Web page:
ASX-listed Legend Corporation has attributed higher than expected annual profits of $2.6 million to a massive increase in demand for memory-based consumer products.
The Australian PC and memory manufacturer, which listed on the stock exchange three months ago, reported revenue of $124.3 million for the 2003/2004 financial year, representing 37 per cent year-on-year growth.
Legend managing director, Bradley Dowe, said the figures proved there had been an upswing in market demand for both existing and new product lines.
While acknowledging the PC market as a big market, Dowe said growth in the consumer electronics space presented a wealth of opportunity for IT resellers to increase margins and sales.
“The channel has been starved of margin,” he said.
“For the last four years they have been getting the same products. The highlights have been systems with faster CPUs. But who cares?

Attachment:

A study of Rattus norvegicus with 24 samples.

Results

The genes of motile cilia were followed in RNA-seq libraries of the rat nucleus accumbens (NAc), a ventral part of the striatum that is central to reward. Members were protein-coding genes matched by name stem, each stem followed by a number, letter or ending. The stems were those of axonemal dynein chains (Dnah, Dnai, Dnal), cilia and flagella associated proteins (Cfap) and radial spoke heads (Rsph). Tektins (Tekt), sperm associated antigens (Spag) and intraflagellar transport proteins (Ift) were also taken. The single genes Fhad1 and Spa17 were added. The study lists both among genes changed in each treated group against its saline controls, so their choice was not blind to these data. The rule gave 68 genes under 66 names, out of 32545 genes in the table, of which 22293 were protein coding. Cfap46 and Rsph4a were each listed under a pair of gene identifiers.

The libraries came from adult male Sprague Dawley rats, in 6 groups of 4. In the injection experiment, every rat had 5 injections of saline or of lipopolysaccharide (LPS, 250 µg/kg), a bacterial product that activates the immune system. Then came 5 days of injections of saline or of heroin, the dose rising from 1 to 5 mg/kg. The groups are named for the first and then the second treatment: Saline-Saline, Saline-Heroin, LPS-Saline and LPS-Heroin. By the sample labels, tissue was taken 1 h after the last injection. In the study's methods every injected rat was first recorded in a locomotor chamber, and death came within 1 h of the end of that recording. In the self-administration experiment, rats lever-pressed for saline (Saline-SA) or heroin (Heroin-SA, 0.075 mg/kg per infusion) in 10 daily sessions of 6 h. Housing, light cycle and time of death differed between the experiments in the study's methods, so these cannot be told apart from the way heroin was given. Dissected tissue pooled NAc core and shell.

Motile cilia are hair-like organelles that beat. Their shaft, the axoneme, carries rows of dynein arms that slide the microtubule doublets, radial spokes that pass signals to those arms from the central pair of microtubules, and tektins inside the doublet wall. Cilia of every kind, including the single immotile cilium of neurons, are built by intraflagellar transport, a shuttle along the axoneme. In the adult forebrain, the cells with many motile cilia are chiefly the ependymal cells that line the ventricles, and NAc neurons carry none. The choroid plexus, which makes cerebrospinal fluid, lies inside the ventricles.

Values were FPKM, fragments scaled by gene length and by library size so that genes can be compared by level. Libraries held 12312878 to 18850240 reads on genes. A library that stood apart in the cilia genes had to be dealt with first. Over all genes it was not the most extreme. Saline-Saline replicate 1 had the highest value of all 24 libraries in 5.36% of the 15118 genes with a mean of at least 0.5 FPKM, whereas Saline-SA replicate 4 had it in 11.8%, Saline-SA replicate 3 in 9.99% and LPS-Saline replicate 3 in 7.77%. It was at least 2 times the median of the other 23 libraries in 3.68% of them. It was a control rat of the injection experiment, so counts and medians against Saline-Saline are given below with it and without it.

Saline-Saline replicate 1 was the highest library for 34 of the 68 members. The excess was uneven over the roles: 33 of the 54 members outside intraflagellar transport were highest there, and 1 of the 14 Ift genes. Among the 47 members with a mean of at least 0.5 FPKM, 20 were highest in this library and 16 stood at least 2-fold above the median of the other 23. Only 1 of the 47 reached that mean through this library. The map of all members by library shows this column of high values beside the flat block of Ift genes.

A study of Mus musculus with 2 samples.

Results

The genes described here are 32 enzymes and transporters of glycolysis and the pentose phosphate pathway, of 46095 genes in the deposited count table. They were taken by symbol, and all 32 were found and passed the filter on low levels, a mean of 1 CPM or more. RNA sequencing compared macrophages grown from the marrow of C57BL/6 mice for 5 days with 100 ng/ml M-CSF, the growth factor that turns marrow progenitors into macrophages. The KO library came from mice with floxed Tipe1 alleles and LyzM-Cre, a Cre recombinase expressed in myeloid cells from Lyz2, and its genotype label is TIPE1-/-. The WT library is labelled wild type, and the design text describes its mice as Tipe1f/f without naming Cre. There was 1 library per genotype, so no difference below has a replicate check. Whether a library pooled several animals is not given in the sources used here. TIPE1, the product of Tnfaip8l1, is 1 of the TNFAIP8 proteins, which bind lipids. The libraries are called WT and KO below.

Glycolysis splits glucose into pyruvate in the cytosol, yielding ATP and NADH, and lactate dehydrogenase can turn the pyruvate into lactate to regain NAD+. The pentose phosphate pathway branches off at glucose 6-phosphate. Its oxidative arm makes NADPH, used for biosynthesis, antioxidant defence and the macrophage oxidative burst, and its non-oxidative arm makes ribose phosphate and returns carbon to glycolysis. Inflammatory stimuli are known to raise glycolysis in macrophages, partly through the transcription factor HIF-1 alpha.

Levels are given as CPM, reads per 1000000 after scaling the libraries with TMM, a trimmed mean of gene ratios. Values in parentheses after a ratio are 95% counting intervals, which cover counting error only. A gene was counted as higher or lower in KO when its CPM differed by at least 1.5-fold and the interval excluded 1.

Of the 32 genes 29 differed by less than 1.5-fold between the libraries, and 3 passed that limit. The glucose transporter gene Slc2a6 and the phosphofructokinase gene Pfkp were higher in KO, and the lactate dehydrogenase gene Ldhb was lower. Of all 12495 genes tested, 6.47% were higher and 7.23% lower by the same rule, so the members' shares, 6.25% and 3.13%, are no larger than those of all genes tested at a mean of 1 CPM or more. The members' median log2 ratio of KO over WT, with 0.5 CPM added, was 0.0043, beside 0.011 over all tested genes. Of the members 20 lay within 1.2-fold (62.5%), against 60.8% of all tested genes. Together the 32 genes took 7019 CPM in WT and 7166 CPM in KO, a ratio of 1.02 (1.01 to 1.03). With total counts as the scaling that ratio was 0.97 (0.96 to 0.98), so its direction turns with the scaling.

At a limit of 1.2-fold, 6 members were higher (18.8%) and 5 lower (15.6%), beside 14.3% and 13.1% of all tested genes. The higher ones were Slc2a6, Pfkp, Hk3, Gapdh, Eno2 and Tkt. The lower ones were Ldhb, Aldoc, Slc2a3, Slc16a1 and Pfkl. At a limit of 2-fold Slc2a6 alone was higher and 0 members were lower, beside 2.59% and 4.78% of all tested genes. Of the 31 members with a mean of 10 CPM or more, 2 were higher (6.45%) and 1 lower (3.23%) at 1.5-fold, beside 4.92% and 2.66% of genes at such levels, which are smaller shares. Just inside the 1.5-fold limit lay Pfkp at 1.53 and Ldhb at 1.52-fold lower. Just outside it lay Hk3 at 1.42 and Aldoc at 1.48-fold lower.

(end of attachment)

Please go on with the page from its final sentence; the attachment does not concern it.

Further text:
“We see consumer memory products as very important in bringing in new margin opportunities and adding value to their existing business.”
For example, products such as MP3 and multimedia players, flash cards and removable USB drives, provided resellers with bigger sales margins without the need for ongoing service assistance or maintenance, Dowe said.
“These products have a lowered cost of support because users can’t muck around with the software or the operating system,” he said.
“In addition, desktop PCs are a push product, whereas flash cards, MP3 players and so on are pull products — people see them and want them.”
Alongside growing its memory-based production capability, Dowe said Legend was focused on expanding its operations outside of the more mature Australian and New Zealand markets and into Asian countries, such as Hong Kong and Thailand.
These markets represented about $30 million in revenue in the past year.
“We’re hoping this will grow to $50 million in the next year,” Dowe said.
“Having more capital through the IPO has allowed us to accelerate the growth which had been limited by our organic set-up.”